Crude fell on Wednesday, with the U.S. contract sliding to a five week low as investors shrugged off curtailed Libyan supply and falling U.S. stockpiles, focusing instead on demand fears.
Brent's premium over U.S. crude rose to more than $14 a barrel, as a build in crude stockpiles at the U.S. contract's delivery point in Cushing, Oklahoma, reported by the U.S. Energy Information Administration (EIA) on Wednesday, overshadowed falling inventories elsewhere in the country.
Crude stocks at Cushing rose by 1.1 million barrels last week, the EIA said, while stocks nationally declined by 2.7 million barrels. That was far less, however, than a 7.3 million barrel country-wide decline reported by industry group the American Petroleum Institute on Tuesday.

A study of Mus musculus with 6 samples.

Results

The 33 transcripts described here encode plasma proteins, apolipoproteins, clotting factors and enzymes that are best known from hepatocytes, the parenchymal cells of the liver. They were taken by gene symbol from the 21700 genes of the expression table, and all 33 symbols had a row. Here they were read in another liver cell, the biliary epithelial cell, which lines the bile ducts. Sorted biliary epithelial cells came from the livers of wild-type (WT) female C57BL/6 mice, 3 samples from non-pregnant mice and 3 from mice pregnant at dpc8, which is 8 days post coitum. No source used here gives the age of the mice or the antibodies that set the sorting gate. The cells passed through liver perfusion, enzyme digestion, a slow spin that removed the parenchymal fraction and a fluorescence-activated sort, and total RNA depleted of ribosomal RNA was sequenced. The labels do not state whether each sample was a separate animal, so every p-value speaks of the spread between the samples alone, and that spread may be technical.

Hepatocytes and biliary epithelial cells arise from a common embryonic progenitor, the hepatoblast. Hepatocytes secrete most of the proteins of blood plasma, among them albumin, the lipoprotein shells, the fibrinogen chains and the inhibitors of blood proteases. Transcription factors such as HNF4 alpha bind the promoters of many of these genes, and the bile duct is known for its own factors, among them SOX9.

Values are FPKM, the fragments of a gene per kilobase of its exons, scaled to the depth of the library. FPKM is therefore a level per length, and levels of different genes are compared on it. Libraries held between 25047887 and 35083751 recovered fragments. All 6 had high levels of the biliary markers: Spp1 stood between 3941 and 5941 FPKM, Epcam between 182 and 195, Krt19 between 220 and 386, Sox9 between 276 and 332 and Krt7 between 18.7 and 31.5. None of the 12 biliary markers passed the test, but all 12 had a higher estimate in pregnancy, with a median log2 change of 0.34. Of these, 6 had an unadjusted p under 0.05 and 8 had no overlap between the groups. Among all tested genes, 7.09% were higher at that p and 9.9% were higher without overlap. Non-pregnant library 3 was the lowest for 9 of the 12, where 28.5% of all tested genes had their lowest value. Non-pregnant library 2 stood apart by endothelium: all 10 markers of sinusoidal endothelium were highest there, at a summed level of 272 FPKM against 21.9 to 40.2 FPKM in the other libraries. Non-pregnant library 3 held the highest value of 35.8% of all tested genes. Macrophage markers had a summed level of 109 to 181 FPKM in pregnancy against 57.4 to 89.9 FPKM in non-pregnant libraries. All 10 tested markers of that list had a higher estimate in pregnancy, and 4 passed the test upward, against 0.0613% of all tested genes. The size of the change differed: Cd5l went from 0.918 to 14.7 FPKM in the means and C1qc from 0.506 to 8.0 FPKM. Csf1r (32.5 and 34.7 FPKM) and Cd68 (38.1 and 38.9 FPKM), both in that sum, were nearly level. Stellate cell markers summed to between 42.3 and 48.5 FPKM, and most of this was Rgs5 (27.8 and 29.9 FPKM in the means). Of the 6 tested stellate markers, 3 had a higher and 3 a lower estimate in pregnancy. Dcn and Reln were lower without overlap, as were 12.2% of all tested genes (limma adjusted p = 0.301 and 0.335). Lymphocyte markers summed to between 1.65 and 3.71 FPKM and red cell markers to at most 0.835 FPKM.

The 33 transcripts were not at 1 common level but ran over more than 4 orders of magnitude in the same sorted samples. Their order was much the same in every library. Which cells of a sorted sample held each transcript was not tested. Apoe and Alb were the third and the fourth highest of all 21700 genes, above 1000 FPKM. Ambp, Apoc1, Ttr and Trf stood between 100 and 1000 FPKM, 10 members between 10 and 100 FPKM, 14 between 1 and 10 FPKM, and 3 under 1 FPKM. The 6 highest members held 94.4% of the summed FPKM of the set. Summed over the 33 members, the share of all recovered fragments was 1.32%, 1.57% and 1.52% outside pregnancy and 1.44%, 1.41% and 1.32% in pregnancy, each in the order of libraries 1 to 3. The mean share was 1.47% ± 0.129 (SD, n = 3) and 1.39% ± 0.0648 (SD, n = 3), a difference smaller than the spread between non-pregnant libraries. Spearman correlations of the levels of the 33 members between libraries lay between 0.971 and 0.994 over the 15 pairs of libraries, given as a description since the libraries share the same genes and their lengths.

Gasoline and distillate stocks, including diesel and heating oil, also rose sharply, developments that analysts say are bearish for crude.
Brent was underpinned by tensions in Libya after a heavily armed eastern autonomy group said on Tuesday it would invite foreign companies to buy oil from seized ports and protect arriving tankers, in defiance of the government in Tripoli, which has vowed to stop them.
Brent crude for delivery in February reversed early gains, trading virtually flat above $107 a barrel, after settling up 62 cents on Tuesday.
U.S. crude fell by $1.34 to settle at $92.33 a barrel, hitting its lowest in 5 weeks. The contract's losses snowballed after the release of the Federal Reserve's latest minutes showed the central bank was ambivalent about scaling back its bond-buying.